BYRSLF015 Obey City “My RVM” EP
The on.the.sly x B.YRSLF connection runs deep. They’ve released tunes from a handful of our past guests, including MYRRYRS, Hirshi & Bombe. When we heard these tracks finally had a release date, we had to tell you about it. We were first made privy to “Percalatin’” back in MYRRYRS interview with KAB. Since then, it’s been a staple in knomad‘s rotation.
With 5 original cuts on this release, it’s clear Obey City is hoarding some serious beats. In a day where EPs often only contain 2 tracks, BYRSLF015 shines on value without feeling watered down. Remix duty handled by fellow Astronautibro Kuhn, Brooklyn upstart Baauer and the up and coming Apple Bottom.
Up first is “Who Buggin’?” setting the tone and easing us in. A smooth, laid back track featuring some swirling chord work and Obey flexing his ability to manipulate a plethora of vocal samples. This one closes on an upbeat note with some added percussion flavor.
“Percalatin’” has been in my crates for a minute, and it always gets me percalatin’. Layered stabs and an in the pocket snare keep this one moving while the vocals hint at where we are headed. Sure enough, the bubblin’ sounds of the percolator descend on the track and drive the rhythm the rest of the way. (check out knomad’s mix for Bassfaced.com, featuring this track, circa January 2012)
If it wasn’t already clear, “ID ID” should prove as evidence to Obey City’s effective chord play and vocal manipulation. More stabs, more choppy vocals, more shuffling drums, and we’re fine with that, especially with the increased energy.
More often than not, electronic dance music is released in small doses and the total release doesn’t provide an engaged listening experience (ala the album). Effectively presenting the tracks based on their beats per minute, B.YRSLF has created a release that not only provides a handful of versatile dance floor delicatessen, but a structured and engaging listening experience from start to finish. ”My RVM” facilitates this the most. The track takes nearly its entire lifespan to take off, while the beat fluctuates and the vocals swirl, increasing the tension for a solid 3 minutes.
Obey’s portion of the EP closes with “Neva Knew” and it’s arguably the most upbeat and dance floor friendly of his tracks. A nostalgic vocal sample and a clear intro/drop/breakdown structure make this one accessible and reminiscent of big room tracks built to bring down the energy while increasing the attention of the dance floor. What sets it apart is the breakdown before the last drop, creating a lane out for those pushing something a bit more “now”. Don’t get it twisted, this is a highlight track and should find itself in a variety of situations in the dance.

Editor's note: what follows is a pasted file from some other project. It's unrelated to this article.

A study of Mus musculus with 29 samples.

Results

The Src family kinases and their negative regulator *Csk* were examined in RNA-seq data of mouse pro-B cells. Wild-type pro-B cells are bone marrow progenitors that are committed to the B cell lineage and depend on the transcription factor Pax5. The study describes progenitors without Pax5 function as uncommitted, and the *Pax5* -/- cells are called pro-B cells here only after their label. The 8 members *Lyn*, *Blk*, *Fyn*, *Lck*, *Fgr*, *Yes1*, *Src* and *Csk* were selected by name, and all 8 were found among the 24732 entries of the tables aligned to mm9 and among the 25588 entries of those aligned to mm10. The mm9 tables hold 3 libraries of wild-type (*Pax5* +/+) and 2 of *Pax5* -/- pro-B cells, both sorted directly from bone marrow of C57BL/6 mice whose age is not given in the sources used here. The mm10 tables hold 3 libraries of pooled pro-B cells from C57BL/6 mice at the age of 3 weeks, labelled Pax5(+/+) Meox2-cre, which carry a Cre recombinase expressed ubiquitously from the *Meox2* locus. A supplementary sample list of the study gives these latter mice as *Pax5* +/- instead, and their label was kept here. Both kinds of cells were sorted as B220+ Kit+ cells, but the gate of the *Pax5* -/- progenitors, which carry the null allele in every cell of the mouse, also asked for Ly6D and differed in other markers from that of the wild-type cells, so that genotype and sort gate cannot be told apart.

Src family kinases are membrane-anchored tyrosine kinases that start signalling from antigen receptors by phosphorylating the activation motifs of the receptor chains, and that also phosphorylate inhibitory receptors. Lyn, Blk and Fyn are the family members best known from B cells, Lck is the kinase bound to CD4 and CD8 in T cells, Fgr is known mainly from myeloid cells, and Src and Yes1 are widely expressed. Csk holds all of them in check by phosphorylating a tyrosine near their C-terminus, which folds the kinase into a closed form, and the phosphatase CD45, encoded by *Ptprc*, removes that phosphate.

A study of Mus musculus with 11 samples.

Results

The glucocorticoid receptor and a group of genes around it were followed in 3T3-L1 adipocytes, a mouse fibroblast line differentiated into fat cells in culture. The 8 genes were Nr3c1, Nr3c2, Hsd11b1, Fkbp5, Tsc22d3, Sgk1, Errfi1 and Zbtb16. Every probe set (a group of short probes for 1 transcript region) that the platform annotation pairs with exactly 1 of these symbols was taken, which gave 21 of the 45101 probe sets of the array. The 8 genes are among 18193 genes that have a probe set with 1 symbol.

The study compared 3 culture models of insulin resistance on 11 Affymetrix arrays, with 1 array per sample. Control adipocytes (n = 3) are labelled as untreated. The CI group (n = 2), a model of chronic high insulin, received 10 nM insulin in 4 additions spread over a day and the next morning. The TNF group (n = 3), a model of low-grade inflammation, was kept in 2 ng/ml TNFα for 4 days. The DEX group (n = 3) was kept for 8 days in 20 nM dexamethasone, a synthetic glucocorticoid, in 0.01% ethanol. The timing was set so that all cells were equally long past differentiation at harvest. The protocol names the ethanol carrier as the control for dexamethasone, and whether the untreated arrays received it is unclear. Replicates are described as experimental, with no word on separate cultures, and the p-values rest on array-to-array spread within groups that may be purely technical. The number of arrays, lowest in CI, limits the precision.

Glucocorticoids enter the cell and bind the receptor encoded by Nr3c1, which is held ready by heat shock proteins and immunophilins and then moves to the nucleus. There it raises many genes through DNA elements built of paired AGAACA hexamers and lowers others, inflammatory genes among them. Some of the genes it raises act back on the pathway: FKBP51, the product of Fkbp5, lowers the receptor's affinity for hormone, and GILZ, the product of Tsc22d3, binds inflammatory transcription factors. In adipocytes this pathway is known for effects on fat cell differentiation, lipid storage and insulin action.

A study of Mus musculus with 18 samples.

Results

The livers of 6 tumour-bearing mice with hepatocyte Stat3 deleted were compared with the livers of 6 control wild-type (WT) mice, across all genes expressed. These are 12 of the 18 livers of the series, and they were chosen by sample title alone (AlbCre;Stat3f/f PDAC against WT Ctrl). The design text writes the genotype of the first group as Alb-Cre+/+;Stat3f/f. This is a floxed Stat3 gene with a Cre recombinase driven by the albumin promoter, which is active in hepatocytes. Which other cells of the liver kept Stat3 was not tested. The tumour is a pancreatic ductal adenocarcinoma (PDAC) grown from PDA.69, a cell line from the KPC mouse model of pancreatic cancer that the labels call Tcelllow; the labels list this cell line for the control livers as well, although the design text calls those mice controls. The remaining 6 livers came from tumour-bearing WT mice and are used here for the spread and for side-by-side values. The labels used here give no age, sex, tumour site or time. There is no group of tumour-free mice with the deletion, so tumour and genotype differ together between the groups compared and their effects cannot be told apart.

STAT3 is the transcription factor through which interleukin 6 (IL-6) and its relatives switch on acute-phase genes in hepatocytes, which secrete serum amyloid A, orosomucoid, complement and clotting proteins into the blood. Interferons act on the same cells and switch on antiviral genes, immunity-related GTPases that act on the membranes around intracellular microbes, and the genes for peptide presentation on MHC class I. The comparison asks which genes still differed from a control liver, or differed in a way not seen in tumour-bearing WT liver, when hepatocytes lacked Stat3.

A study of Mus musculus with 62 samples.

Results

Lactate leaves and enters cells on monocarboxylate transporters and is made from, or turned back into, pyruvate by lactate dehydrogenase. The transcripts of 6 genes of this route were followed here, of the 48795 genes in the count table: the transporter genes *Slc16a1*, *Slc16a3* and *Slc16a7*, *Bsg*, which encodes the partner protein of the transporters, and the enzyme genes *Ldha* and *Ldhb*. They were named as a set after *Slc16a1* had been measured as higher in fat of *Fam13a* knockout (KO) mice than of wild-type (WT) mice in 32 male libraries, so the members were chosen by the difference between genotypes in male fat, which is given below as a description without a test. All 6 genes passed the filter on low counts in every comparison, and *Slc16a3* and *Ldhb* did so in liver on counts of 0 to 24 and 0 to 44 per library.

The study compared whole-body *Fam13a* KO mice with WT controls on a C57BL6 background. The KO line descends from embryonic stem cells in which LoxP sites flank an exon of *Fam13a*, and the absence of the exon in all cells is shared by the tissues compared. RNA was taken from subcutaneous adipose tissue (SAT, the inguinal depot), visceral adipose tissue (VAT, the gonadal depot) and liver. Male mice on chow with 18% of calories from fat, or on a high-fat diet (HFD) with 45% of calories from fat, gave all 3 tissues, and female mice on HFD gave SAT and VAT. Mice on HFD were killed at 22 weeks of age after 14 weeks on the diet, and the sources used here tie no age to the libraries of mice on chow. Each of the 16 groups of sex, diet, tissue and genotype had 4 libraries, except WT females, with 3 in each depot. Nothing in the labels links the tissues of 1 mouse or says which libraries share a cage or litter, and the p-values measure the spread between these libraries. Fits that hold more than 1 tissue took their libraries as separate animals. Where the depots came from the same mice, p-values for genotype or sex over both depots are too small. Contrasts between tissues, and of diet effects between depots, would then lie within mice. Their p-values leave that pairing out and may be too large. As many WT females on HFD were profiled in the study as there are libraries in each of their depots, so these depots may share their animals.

First remix comes via Obey City’s Astronautico brother Kuhn. Kuhn takes the energetic “ID ID” and dismantles it. A pitched down vocal sample and an industrial drum beat collide into the original’s chord pattern chopped and stuttered.
Baauer takes the nostalgic “Neva Knew”, increases the tempo, builds us up with some claps, and then drops his signature purple dubstep meets trap hip hop beat. This remix leaves much of the original track’s samples in tact, using the chord stabs and vocal stutters reminiscent of their original form, but with that Baauer sway we’re coming to expect from his work.
The EP closes with Apple Bottom re-exploring “MY RVM.” Apple Bottom maintains the original tempo and feel, exploring new territory with the sound palette of the original, riding a four on the floor house beat into a very laid back place. Quality contrast to the energy coming off the Baauer remix.
All in all, B.YRSLF has done us all a favor by securing the first release from Obey City (not self released via Astro Nautico). We know there are more releases from Obey on the horizon, and this one serves as a solid introduction to what we’ll come to expect from him. Enjoy the taste here, keep an eye and ear focused on the B.YRSLF Soundcloud for more possible previews, and head to your favorite retailer to pick this up on July 10th.